Consumers use the Internet for banking, emailing, shopping and much more nowadays. With so much personal and private information being transmitted over the Web, Internet users must be able to rely on and trust the sites they are accessing. For security purposes, websites use certificates to establish encrypted communications. When a site becomes compromised, its certificate should be revoked.
A new study offers the first end-to-end evaluation of the Web's certificate revocation ecosystem, which includes website administrators that obtain and revoke certificates, certificate authorities that publish a list of revoked certificates, and browsers that check the revocation list to authenticate a website.
The study results reveal that website administrators are providing a large number of revoked certificates, certificate authorities are not using newer processes for distributing revocations, and Web browsers are not checking whether certificates have been revoked. The findings indicate that all participants in the revocation ecosystem must improve their performance to fulfill their responsibilities and ensure system success.
"The findings paint a bleak picture, because users put an immense amount of trust into the browsers they use and the websites they visit to do what is necessary to protect their security," says study co-author Dave Levin, an assistant research scientist at the University of Maryland Institute for Advanced Computer Studies.
The results of the study will be presented October 29, 2015 at the Association for Computing Machinery Internet Measurement Conference (ACM IMC) in Tokyo. Levin conducted the study with researchers from Stanford University, Northeastern University, Duke University and Akamai Technologies.
Secure online communication requires authentication--a user's ability to determine with whom he or she is communicating. Central to achieving authentication on the Web is a system known as the Public Key Infrastructure (PKI), which consists of certificates and encryption keys. While online use of the PKI is mostly automated, the system requires a surprising amount of human intervention to maintain the validity of the certificates.
"Revocation of certificates is critical to the security of the Web, because it is the only way to protect users from attackers who impersonate websites after a security breach, such as Heartbleed," says Levin, referencing a widespread security bug discovered in 2014.
Heartbleed allowed malicious users to capture information that would give them the opportunity to masquerade as trusted servers and potentially steal sensitive information from unsuspecting users. In a previous paper, Levin showed that few websites revoked their Heartbleed-compromised certificates and issued new ones.
"This paper builds off of my previous work on the Heartbleed vulnerability by asking: even if websites properly revoke their certificates, will browsers receive and check the certificates?" says Levin. "Unfortunately, the overwhelming answer is no."
In the current study, Levin and his colleagues investigated the performance of website administrators, certificate authorities and Web browsers in real-life scenarios.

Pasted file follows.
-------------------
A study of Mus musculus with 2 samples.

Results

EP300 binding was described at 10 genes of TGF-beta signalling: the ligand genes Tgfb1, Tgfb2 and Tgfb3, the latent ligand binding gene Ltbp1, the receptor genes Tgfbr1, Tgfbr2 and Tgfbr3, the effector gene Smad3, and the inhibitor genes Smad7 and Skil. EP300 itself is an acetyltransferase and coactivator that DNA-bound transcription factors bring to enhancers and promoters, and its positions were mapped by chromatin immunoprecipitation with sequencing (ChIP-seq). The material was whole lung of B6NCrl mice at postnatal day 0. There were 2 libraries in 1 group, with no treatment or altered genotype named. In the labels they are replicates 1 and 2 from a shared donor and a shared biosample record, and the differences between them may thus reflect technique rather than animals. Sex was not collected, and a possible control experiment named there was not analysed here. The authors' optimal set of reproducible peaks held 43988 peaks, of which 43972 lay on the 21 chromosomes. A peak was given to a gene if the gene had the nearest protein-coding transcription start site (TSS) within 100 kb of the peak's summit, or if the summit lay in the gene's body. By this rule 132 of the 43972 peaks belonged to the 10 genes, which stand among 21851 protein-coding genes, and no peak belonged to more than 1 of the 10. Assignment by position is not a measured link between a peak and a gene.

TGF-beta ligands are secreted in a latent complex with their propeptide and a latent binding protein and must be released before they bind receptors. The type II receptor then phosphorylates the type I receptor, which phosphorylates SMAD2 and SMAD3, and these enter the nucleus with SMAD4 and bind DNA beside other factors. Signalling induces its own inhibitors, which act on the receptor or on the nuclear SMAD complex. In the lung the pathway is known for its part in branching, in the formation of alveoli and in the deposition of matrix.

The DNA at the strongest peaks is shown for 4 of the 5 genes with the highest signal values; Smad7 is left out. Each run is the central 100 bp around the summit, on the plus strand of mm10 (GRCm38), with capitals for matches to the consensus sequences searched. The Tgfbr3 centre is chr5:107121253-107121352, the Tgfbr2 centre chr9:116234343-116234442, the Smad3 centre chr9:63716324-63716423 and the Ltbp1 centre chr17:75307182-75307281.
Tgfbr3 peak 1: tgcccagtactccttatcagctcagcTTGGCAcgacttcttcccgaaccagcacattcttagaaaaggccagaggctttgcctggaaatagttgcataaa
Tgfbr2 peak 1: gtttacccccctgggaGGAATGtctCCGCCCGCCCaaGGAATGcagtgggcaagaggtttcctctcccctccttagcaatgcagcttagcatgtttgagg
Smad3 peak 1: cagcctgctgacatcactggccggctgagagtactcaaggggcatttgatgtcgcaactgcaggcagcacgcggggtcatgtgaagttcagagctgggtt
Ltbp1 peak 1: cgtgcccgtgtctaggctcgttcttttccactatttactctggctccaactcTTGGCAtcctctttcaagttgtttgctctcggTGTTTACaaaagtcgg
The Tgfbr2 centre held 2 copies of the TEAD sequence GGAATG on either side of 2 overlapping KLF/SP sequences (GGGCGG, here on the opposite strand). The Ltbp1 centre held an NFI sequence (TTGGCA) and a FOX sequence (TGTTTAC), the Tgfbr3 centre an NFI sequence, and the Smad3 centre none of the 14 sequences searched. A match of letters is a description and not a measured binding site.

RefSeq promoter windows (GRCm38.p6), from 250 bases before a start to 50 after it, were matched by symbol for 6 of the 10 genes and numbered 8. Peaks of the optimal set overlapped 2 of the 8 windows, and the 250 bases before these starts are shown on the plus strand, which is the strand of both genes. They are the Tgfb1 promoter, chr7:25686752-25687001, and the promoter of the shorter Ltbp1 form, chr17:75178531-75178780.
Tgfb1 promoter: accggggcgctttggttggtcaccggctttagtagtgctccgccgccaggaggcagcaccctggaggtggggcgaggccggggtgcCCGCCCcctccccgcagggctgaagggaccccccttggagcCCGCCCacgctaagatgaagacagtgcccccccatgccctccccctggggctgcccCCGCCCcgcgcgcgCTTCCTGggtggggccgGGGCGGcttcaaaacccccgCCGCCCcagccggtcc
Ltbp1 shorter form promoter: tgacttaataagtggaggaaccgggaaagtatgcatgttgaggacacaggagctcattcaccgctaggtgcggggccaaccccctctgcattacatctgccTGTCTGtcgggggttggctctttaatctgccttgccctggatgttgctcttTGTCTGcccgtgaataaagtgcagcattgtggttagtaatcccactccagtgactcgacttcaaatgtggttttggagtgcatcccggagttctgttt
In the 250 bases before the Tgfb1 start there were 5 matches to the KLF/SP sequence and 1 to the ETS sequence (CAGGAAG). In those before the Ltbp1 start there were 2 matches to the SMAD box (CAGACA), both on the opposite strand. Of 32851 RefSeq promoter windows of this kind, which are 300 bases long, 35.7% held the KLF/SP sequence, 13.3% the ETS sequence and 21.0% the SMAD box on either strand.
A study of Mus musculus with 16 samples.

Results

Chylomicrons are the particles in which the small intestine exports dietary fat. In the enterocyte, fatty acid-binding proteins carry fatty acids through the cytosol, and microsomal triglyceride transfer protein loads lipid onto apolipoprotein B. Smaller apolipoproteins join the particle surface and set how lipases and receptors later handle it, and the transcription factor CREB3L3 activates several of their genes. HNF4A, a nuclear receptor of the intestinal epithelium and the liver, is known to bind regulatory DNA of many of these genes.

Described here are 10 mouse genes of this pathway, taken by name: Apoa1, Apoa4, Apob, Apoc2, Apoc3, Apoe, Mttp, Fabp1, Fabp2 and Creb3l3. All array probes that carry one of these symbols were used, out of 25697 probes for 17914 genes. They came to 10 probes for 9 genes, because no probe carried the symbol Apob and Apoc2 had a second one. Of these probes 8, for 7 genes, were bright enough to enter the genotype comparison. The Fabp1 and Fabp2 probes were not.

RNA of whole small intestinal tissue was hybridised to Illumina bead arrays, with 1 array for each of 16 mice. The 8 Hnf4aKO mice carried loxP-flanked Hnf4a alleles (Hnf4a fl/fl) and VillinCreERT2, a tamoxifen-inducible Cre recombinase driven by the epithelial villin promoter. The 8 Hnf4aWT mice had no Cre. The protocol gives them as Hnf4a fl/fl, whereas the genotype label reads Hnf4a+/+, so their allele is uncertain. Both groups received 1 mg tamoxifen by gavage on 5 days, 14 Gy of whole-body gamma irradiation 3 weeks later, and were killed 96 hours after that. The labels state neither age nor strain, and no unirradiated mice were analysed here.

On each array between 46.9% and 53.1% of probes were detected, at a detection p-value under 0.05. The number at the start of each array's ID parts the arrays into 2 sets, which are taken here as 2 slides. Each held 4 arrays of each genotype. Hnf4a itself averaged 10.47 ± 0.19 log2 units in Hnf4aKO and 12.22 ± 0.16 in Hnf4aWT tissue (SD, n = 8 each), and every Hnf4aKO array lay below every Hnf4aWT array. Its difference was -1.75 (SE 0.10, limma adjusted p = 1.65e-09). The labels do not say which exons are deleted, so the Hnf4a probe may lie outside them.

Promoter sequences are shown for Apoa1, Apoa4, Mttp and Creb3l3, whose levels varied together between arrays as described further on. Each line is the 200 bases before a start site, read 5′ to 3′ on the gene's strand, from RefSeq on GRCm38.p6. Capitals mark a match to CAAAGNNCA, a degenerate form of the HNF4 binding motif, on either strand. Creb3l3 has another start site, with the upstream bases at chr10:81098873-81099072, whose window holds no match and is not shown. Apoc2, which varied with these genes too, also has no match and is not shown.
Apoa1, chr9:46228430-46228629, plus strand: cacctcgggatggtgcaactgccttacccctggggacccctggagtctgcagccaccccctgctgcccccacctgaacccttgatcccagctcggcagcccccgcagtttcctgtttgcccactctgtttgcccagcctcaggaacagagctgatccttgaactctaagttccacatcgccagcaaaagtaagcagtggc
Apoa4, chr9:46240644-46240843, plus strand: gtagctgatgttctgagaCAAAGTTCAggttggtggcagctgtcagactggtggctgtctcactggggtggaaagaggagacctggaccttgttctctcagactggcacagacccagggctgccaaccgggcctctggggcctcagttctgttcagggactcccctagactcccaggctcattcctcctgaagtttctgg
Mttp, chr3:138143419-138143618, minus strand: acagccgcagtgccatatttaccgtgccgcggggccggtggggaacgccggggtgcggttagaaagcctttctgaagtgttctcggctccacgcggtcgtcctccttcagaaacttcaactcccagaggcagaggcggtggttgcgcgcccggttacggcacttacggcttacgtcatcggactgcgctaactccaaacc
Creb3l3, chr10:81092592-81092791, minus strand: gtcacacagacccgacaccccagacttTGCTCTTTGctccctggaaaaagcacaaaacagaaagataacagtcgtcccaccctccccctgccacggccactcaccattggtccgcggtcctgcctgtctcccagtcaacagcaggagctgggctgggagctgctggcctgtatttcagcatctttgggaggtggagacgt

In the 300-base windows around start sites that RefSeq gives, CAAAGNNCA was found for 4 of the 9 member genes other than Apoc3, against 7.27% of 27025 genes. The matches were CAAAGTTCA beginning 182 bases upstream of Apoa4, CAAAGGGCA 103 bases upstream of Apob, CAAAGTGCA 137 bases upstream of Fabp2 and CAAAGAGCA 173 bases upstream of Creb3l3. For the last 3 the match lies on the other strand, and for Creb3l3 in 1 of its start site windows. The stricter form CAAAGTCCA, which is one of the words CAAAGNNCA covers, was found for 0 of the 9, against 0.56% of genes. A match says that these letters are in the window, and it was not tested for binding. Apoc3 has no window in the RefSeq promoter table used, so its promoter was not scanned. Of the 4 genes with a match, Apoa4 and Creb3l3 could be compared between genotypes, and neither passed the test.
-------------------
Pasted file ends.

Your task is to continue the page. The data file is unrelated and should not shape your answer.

To evaluate how well website administrators handled revocations, the team analyzed a multi-year data set that included 74 full Internet scans. The researchers found that a surprisingly large fraction of the certificates served--8 percent--had been revoked. By serving revoked certificates, website administrators introduce security holes, says Levin.
Next, the team evaluated the performance of certificate authorities, which usually distribute revocations to Web browsers through CRL files that contain lists of revoked certificates. The team found that these files can grow to large sizes, which slow down the browser and use more bandwidth when downloaded. The findings indicate that browser developers may be trading security for better performance, according to Levin. The team also found that newer techniques for distributing revocations have not been widely implemented by the certificate authorities.
Finally, the researchers investigated 30 different combinations of operating systems and Web browsers--including Chrome, Safari, Firefox and Internet Explorer--and found that none of them properly checked to see whether certificates are revoked. In addition, mobile browsers running on both iOS and Android platforms did not check for revoked certificates.
"If a browser shows the lock icon, then users believe that the page is the website it reports to be," says Levin. "And yet, our results indicate that browsers and websites are not checking the security certificates to make sure this is true."
Levin says this study will affect the fundamental assumptions about how the PKI works in practice.
"In the research space, we hope this will affect how other systems that rely on revocations are designed to better match the likely behavior of administrators," Levin says.
The paper's co-authors include University of Maryland alumnus Aaron Schulman (B.S. '07, M.S. '10, Ph.D. '13, computer science), who is now a postdoc at Stanford University.
This research was supported by the National Science Foundation (Award Nos. CNS-1054233, CNS-1409191, CNS-1319019, CNS-1421444 and CNS-1345284), the U.S. Air Force (Award No. FA8750-14-2-0150), and the National Security Agency as part of a Science of Security lablet.
The paper, "An End-to-End Measurement of Certificate Revocation in the Web's PKI," by Yabing Liu, Will Tome, Liang Zhang, David Choffnes, Dave Levin, Bruce Maggs, Alan Mislove, Aaron Schulman, Christo Wilson, will be presented October 29, 2015 at ACM IMC, http://www.